One of the mysteries of the English language finally explained.
1A small migratory thrush that breeds mainly in northern Europe, with red underwings showing in flight.
- ‘A combination of prominent creamy-white eyestripe and rusty-red flanks and underwings makes the redwing unmistakable.’
- ‘The redwing, fieldfare and blackbirds are all involved in serious territorial swoops between trees.’
- ‘The list was impressive and included robins, starlings, a goldfinch, blackbirds, redwings, chaffinches, wood pigeons and black-headed gulls.’
- ‘Ireland is internationally important as a northerly winter feeding ground for many winter migrant birds such as thrush, fieldfare, redwing, and finches.’
- ‘In this country, unless the weather is severe, the birds frequent open country associating with redwings, blackbirds and yellowhammers.’
2Any of a number of red-winged birds, especially the American red-winged blackbird.See blackbird (sense 2)
- ‘I just had a flock of thirty redwings land in my frozen backyard.’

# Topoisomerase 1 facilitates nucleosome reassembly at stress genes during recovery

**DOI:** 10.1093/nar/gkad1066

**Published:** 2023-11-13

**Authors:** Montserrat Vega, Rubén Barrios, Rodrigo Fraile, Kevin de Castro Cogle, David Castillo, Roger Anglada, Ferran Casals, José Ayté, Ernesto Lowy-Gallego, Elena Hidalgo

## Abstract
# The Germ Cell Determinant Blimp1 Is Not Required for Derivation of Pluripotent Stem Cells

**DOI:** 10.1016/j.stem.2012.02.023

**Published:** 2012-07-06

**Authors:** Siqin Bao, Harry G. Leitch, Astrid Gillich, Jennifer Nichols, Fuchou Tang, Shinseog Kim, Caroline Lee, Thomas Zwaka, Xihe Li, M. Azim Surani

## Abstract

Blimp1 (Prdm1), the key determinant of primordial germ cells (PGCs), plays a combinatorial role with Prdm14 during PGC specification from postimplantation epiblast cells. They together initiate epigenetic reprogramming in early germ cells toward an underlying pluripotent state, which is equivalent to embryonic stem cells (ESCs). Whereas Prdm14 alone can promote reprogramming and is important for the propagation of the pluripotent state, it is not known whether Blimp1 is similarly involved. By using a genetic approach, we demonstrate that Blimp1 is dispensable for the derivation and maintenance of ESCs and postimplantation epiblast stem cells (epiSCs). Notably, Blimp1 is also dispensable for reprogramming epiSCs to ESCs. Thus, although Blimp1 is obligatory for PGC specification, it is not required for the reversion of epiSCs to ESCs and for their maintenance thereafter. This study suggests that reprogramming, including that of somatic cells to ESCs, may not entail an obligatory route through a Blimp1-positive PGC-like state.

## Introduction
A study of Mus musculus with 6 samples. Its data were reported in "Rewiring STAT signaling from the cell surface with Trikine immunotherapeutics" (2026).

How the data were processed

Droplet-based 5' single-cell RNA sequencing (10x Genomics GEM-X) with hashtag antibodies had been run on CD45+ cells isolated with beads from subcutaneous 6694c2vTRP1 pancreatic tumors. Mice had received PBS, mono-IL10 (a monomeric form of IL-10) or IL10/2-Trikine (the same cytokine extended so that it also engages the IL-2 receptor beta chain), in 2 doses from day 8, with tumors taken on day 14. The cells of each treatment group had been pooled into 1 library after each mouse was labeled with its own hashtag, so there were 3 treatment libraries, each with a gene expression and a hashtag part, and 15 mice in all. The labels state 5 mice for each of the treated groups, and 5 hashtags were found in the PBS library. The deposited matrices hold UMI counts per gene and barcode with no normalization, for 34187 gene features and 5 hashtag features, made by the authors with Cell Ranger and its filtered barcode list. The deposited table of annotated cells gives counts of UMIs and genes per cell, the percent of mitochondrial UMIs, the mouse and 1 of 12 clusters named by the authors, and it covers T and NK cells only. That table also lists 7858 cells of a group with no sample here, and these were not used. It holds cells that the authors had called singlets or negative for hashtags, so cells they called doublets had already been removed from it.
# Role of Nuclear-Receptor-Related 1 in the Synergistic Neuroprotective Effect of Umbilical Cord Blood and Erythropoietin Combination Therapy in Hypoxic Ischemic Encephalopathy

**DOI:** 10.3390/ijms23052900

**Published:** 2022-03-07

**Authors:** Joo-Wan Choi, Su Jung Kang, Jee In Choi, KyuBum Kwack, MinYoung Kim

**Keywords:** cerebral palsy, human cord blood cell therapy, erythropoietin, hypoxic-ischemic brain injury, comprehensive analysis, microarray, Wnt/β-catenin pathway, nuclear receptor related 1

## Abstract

- ‘The whole backyard gang composed of those mentioned above, plus house finches, chickadees, goldfinches, titmice, grackles, redwings, and blue jays start around 5 pm with their bedtime snacks.’
- ‘Herkert reported that redwings were more common on small prairies, but Bollinger found no effect of patch size.’
- ‘‘On the 18th, we were ‘invaded’ by a flock of over 100 mixed redwings, grackles, starlings, and cowbirds that ate everything in sight and emptied the bird bath in minutes!’’
- ‘I'll go down to the ditch later while she's napping and continue to play hide and seek with the redwing and other birds through my camera lens on this, the first day of the third year of our new lives.’